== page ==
Officer Grace Gatpandan, a San Francisco Police Department spokeswoman, told KQED's Sukey Lewis on Wednesday that LaBouvier's video failed to show the episode in its entirety. To give a more complete picture of what happened, she said, the department is seeking video that shows the events leading up to the sequence that LaBouvier made public.
In explaining the police response, Gatpandan said that around noon on Aug. 4, officers on patrol near U.N. Plaza -- at Eighth and Market streets -- "observed a subject who was waving sticks around."
"Officers decided to exit their vehicle and contact the person, just due to the fact he possibly demonstrated a danger to other people who were in the vicinity of him," Gatpandan said.
She said the officers asked the man to drop the sticks, which LaBouvier and other witnesses say were actually the man's crutches. The man refused and walked away, ventured out into Market Street and told officers he didn't care if he was hit by a vehicle, Gatpandan said.
"In this case, because he has demonstrated that he is a danger to himself and others, he fits the criteria for a mental health detention," Gatpandan said. That's a 72-hour hold in a local hospital to conduct a medical and psychiatric evaluation.
"We believed he was in an altered mental state, and so we wanted him to get the medical attention he needed," Gatpandan said.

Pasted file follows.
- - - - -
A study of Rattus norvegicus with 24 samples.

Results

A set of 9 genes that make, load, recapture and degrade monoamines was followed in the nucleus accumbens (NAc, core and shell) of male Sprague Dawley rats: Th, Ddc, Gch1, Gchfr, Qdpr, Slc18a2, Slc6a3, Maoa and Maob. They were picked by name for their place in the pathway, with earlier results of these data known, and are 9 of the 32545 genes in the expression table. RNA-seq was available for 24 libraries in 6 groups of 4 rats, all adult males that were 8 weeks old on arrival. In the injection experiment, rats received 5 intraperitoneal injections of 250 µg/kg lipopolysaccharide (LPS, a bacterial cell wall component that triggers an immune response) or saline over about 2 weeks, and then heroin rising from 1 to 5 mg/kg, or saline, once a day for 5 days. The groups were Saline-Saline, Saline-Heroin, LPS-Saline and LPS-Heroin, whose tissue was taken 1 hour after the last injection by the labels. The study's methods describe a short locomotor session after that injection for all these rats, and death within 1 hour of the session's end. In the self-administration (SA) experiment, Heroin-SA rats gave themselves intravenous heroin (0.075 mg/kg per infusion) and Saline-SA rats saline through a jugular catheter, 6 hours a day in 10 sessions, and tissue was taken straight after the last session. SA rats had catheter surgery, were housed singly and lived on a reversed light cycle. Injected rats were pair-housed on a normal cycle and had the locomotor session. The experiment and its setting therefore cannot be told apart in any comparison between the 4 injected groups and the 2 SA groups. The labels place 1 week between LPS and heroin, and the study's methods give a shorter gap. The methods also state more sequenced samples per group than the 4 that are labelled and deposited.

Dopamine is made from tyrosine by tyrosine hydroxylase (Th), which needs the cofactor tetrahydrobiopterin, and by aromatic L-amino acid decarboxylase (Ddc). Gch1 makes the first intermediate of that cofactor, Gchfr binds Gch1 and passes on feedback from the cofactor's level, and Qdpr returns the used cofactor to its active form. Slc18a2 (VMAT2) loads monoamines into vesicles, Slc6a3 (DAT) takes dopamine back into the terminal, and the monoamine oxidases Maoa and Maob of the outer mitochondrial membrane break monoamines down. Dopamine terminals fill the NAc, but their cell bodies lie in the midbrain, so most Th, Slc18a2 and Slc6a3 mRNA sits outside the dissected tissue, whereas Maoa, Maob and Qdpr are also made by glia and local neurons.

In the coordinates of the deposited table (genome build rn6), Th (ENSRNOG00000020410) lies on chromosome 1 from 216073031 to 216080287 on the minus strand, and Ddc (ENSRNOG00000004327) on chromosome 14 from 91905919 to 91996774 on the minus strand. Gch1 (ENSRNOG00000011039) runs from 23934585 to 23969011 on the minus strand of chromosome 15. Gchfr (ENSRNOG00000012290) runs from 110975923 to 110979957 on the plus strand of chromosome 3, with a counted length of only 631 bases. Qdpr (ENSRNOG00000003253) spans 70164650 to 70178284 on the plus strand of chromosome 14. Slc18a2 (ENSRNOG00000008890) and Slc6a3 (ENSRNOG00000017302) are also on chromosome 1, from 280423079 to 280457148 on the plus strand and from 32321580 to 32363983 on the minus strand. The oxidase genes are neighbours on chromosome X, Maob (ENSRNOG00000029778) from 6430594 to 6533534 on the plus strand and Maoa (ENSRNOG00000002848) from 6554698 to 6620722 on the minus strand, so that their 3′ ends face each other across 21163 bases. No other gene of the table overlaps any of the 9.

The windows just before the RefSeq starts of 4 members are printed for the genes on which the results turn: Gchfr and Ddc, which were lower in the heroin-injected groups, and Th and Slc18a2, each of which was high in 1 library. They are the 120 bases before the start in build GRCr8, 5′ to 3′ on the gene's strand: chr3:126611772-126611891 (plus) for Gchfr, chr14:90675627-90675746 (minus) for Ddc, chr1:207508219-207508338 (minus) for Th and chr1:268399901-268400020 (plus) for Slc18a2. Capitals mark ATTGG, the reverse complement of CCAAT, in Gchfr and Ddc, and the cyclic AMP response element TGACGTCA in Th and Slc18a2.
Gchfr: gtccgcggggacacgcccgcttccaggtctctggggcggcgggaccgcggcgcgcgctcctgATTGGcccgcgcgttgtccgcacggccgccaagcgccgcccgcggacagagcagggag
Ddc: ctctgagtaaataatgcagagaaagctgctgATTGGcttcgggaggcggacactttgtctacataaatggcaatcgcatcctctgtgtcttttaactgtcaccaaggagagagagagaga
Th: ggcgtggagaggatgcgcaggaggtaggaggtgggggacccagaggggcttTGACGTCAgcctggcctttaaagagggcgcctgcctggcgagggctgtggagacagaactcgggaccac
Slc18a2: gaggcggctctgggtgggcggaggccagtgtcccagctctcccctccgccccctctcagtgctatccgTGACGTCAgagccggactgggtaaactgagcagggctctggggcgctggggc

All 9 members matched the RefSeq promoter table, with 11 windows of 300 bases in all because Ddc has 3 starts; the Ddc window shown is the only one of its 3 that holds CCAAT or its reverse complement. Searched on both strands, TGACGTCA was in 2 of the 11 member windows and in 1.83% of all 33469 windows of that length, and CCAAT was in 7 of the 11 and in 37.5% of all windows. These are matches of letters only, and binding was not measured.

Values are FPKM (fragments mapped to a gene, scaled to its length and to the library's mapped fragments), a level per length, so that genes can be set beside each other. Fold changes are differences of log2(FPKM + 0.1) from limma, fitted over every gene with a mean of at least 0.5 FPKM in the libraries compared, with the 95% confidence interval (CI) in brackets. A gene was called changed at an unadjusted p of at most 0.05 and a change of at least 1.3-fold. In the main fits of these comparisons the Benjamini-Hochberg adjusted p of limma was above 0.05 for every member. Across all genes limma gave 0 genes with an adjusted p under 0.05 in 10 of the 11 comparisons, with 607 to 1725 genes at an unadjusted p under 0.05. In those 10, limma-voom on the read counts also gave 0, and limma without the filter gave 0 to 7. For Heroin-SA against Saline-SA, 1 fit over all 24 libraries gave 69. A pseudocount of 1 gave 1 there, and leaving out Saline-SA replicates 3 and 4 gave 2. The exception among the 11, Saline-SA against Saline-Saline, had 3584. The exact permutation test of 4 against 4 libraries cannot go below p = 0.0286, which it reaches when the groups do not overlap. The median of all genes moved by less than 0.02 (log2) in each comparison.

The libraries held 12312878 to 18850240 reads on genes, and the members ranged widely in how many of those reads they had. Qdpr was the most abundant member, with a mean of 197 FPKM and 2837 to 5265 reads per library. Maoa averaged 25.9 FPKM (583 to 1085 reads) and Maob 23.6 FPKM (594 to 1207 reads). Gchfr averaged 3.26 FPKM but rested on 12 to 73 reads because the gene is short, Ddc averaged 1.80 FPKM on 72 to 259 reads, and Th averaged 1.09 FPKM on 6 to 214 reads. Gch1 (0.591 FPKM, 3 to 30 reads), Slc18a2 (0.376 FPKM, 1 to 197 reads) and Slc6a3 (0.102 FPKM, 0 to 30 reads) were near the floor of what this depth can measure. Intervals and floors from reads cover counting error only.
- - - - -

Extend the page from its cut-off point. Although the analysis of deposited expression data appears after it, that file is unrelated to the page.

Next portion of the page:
Gatpandan said she didn't know whether any of the dozen-plus officers who eventually responded to the scene had received formal crisis intervention training.
The need for such training has been highlighted by a series of high-profile incidents in the past decade. Those include a 2008 case in which two officers shot a mentally ill woman and a 2011 episode captured on video in which officers shot a wheelchair-bound man on a South of Market street after he threw a knife. A review of San Francisco police shootings by KQED colleagues Alex Emslie and Rachael Bale found that 11 of the 19 people who officers shot and killed between 2005 and 2013 were mentally ill.
San Francisco Supervisor John Avalos is among those demanding that the department explain how it handled the incident.
"The question is, where was the crisis intervention team?" Avalos said Wednesday. "Did they use the crisis intervention team on this arrest? Did they actually follow the procedures? Those are the questions I think that should be in place, and there should be an investigation to see what happened, where things broke down. Because things clearly broke down. This man’s dignity was taken away from him."
LaBouvier's post on Medium focuses on both that dignity question and on what she describes as the commonplace nature of police abuse:
This isn’t a video of a man getting killed. Some might watch this and think in that general, indemnifying way, that this video is an exceptional case of an isolated case of poor policing. I’d have to disagree — and not respectfully — with you.
These incidents are so quotidian, so mundane, that they do not merit a mention in even passing on the local news. Which is to say, this is everyday harassment. Which is to say, that we’ve normalized and habitualized the kind of policing in San Francisco and the rest of America that brutalizes the most vulnerable people, which strips them of their human dignity, the agency to their bodies — to walk with crutches when physically disabled, to have this body unviolated — when in actuality, they are whom the police are especially supposed to be protecting.